Don't lose your lunch money to the tax man

On the roughly two-mile walk to the elementary school, a dirt road shortcut led through a thick rainforest, ending in a small meadow. The grassy area was graced by a small, but storied, wooden building. The Paper Shack, as it was known, which was just out of sight of the schoolyard through the trees.

There were numerous adventures in the lush rainforest - salmonberries, huckleberries, frog ponds, mud bogs and trees to climb, but the Paper Shack was the most notorious by far. Primary schoolers invariably stepped up their pace as they approached, and kept heads down, rather than make eye contact with its ominous dwellers.


This rustic cabin, painted Boy Scout green, had glassless windows and a doorless entry, and was barren inside, except for a few well-supported shelves lining the walls.

These heavily-constructed ledges could each support several bundles of afternoon newspapers. The Vancouver Sun owned and operated these types of buildings all over the region, generally situating them where their cheap labour could easily access them.

With its proximity to the schoolyard, and its largely-obstructed view from anyone in authority, the shack was also the perfect place for a menacing sort of toll.

"What's in the lunch kit, sweetheart? Let's have it!" they'd say.

They were highway robbers for kids who were late for school - a sort of trail tax, ruthlessly enforced.

This playhouse for bullies was beyond the reach of authority, so the Paper Shack was also the meeting place for anyone at the school who had a score to settle. It was thrown down as a challenge to a fist fight - a dare.

"Meet me at the Paper Shack after school... if you're man enough."

Don't pay more tax

than you have to

Being mugged for a trail tax of a PBJ and a Wagon Wheel is tiny compared to a typical investor's annual tax bill, but which one invokes more dread?

Paying tax means you're making money - doing life right - but never pay more than you should. Never walk the long way to school. And pay no taxes you don't have to.

As we do each fall, we now undertake our annual look at year-end tax planning, all within the full view of the CRA schoolyard, and even blessed (grudgingly) by them.

There are competing interests in strategizing on these things. Triggering investment gains versus taxes. Triggering tax losses, versus future gains, etc.

Each is based on its own merits, but as a principle, making money is good, and that sometimes means paying tax.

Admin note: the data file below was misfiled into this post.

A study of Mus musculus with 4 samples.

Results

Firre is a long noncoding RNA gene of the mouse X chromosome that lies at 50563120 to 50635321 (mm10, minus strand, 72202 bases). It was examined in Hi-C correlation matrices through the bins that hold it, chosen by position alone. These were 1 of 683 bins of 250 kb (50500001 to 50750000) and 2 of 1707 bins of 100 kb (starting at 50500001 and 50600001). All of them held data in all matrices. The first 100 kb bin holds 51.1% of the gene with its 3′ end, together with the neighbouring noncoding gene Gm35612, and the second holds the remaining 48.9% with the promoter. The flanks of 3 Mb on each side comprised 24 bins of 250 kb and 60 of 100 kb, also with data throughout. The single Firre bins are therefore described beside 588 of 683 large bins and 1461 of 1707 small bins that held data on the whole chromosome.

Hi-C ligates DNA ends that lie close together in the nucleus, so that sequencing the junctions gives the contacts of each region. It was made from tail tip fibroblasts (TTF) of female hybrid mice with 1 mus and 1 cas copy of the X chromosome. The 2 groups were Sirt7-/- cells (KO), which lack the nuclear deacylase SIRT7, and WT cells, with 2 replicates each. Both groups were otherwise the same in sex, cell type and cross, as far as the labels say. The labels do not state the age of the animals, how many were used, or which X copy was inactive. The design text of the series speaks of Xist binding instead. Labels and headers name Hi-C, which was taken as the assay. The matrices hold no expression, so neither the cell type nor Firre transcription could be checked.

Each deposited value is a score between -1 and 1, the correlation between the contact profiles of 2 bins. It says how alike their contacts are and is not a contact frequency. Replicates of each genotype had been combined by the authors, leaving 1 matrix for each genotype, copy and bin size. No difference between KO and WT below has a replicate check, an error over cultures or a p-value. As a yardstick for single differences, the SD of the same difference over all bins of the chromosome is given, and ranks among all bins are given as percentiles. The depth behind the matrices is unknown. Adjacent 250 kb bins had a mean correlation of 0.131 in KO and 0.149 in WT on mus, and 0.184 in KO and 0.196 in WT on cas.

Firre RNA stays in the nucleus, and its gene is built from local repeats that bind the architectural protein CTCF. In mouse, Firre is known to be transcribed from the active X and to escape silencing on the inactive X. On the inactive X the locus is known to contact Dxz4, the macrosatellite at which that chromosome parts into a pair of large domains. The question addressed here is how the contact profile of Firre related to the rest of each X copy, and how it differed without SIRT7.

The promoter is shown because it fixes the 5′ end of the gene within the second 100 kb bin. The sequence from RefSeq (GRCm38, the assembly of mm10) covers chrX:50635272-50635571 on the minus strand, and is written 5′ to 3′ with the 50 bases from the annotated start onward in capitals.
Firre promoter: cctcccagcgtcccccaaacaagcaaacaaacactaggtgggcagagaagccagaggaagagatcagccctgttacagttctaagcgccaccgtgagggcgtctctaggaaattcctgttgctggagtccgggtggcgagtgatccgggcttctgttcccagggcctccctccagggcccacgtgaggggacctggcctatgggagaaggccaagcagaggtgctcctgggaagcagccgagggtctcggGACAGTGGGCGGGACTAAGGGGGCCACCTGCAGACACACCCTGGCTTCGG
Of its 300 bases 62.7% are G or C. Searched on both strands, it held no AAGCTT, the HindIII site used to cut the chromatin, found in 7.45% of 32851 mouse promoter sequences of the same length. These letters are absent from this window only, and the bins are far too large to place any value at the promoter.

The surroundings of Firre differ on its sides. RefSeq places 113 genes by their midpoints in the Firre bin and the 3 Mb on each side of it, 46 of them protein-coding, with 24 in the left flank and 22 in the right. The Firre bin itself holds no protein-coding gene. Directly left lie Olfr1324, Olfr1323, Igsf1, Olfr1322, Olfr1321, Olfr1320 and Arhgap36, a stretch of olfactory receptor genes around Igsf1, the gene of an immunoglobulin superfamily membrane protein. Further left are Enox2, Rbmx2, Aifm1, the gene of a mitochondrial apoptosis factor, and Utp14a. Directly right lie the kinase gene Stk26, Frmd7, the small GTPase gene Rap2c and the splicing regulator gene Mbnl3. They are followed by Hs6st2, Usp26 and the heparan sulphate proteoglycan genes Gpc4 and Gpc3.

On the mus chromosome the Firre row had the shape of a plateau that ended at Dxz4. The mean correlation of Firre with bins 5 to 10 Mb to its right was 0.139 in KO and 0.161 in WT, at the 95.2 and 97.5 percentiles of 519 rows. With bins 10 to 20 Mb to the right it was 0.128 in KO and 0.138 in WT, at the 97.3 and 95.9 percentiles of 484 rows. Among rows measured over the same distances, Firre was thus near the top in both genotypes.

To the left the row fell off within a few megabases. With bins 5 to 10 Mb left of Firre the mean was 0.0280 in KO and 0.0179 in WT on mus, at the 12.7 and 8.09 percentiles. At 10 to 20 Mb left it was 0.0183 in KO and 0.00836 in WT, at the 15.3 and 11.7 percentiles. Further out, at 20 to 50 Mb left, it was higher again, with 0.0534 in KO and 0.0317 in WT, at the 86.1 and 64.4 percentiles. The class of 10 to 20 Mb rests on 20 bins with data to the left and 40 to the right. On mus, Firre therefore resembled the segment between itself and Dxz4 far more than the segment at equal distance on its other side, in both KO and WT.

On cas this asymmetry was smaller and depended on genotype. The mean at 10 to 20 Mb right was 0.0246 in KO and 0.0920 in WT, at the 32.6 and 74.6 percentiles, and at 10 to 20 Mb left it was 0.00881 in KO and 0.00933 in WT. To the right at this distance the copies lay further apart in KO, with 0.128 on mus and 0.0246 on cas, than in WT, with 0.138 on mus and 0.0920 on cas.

If you've already triggered gains this year, and you're holding securities with unrealized losses, consider selling them.

This is called tax loss selling. But if the investment still has strong fundamentals and meets your investment needs, think twice, or consider a substitution.

The sale for Canadian tax purposes will be deemed to have taken place on the settlement date. Assuming a two-day settlement period, in order to utilize this strategy for 2018, transactions must be initiated by Dec. 27, 2018 for both Canadian and U.S. But seriously, I'm on vacation that day and so probably are you so... early December makes more sense.

In order to ensure that your capital loss can in fact be claimed, be aware that a superficial loss will occur when a security is sold at a loss and both of the following occur:

1) During the 30 days before and 30 days after the settlement date, you or a person affiliated with you buys the identical property, and;

2) At the end of that period you or a person affiliated with you owns or has rights to acquire the identical property.

This applies to holdings across all of your accounts, an affiliated person or company.

A capital loss must first be applied against any current year gains. Then the balance of the loss can be either carried back three years (to gains from 2015, 16, or 17) or carried forward indefinitely. This is your last chance to carry back your losses to 2015.

If you plan on triggering a capital loss in a corporation, speak to your qualified tax advisor, as this gets more complex.

As we approach the end of 2018, if you have unrealized gains on investments you are thinking about selling, consider deferring until early 2019 if you expect your taxable income to be lower in 2019 than in 2018. Waiting the short time to January 2019 means a full year deferral on the tax.

Before losses can be carried back three years, they must first be used to offset capital gains in the current year. Therefore, realizing capital gains at the end of 2018 would reduce the amount of capital losses you could carry back. This cries out for a spreadsheet detailing the data.

Mark Ryan is an investment advisor with RBC Dominion Securities Inc. (Member-Canadian Investor Protection Fund), and these are his views, and not those of RBC Dominion Securities. This article is for information purposes only. Please consult with a professional advisor before taking any action based on information in this article. Ryan can be reached at mark.ryan@rbc.com.